Payne County rare birds between midweek last week and when this column went to press included several excellent sightings at Lake Carl Blackwell, which comprised Red Phalarope, Pacific Loon, Surf Scoter, late Spotted Sandpiper, and Say’s Phoebe. Other birds of note include Mountain Bluebird, Purple Finch, and a late Nashville Warbler around private residences. These are all outstanding finds especially the coastal Red Phalarope and the Mountain Bluebird of the west.
Scoters can appear in Oklahoma more often than one would think. They breed well north of here, most notably around the High Boreal Forest, and since these were all first winter birds, it would make complete sense for them to simply head south and veer off to the coastal regions. Young birds, especially on their first southern voyage aren’t quite certain of their travel route, but they will get better. Sometimes higher winds will pull them inland.
Boomer Lake had several nice findings between last week and the start of this one. One of the most interesting, though not a rarity, was a beautiful Common Loon in flight that gave excellent views of its underwing, underbelly, and exceptionally large feet, which are rarely seen.
Hardwood trees have been hosting good numbers of Eastern Bluebirds, though sadly no Mountain Bluebirds. The Mountain Bluebird usually winters most abundantly in pinyon-juniper woodlands. They will also appear in any open areas from grasslands, shrubland, and expansive agricultural fields. In the latter areas, they will hover just like our common Eastern Bluebird, but that electric blue will draw your attention to it. They are known to appear in our Panhandle region. We obtained many lovely views and photos of these insectivorous individuals, as well as several Downy, Red-bellied, and Hairy Woodpeckers. High hopes for the Pileated Woodpecker if it tires of the older growth trees, though doubtful.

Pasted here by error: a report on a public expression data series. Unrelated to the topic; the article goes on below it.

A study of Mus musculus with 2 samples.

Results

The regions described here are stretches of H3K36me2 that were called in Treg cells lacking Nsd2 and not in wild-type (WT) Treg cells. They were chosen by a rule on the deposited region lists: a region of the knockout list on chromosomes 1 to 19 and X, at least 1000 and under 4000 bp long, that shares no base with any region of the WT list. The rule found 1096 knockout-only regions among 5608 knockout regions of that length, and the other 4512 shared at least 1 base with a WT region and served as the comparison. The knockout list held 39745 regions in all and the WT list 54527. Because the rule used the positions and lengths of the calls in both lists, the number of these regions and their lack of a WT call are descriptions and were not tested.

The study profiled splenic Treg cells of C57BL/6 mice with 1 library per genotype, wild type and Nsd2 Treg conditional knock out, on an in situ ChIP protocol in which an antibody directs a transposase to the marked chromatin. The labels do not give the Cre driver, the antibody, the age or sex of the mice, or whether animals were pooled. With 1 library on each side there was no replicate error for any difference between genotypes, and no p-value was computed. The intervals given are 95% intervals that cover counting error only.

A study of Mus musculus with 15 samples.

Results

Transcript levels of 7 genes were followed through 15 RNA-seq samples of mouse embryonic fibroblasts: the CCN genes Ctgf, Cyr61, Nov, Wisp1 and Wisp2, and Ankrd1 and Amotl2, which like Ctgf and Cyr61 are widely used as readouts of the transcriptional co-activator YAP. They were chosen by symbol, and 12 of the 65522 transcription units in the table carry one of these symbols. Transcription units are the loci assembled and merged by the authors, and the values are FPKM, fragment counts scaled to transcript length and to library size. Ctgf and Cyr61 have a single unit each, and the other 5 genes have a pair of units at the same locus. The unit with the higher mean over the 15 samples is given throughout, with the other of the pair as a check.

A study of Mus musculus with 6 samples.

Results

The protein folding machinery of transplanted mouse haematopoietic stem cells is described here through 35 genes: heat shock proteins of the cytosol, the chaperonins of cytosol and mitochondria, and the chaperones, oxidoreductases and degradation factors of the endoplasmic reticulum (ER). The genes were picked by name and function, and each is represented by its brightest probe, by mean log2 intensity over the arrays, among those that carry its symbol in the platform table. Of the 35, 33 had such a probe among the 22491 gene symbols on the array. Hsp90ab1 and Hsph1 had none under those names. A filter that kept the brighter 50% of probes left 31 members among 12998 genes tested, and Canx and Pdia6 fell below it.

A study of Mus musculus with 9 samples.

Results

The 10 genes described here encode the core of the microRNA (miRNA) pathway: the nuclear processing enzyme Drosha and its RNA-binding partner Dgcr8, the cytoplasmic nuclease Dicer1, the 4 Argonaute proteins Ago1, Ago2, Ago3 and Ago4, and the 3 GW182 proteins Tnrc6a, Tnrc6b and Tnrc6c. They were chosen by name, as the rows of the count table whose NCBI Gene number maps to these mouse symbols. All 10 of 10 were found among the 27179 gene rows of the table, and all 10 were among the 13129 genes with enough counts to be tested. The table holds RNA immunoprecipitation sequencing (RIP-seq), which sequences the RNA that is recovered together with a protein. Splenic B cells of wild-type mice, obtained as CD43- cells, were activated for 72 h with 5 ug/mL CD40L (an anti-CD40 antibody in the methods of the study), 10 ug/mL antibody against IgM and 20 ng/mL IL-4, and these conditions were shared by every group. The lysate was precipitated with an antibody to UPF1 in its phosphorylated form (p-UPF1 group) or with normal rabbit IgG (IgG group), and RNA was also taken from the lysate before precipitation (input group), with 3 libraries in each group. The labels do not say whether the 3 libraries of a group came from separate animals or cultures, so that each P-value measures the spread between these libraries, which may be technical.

Many other common migratory birds have been using Boomer Lake as a temporary stopover to obtain sustenance, like the Northern Flicker, Killdeer, American Goldfinch, and Dark-eyed Junco. Water treatment ponds have and had been seeing their share of many juvenile and first fall/winter shorebirds, a normal occurrence for the season. We are still expecting more of them, including some unusual visitors.
For purposes of entertainment, writer has a resident Carolina Wren that has been protecting the back yard. When the rear door is open, it generally comes in to visit, and not just a quick wrong turn. While moving furniture about in another room, its loud call indicated that it was in the house. It made itself comfortable on the couch while inside. A Carolina Chickadee later that week also extended its hospitality with a visit where bird feeders are stored looking for a brief nosh. Imagine that, especially if it made it to the sink for water. Good habitat is what it is.
Keep your eyes on the ground and your head in the clouds. Happy birding!
Deb Hirt is a wild bird rehabilitator and photographer living in Stillwater.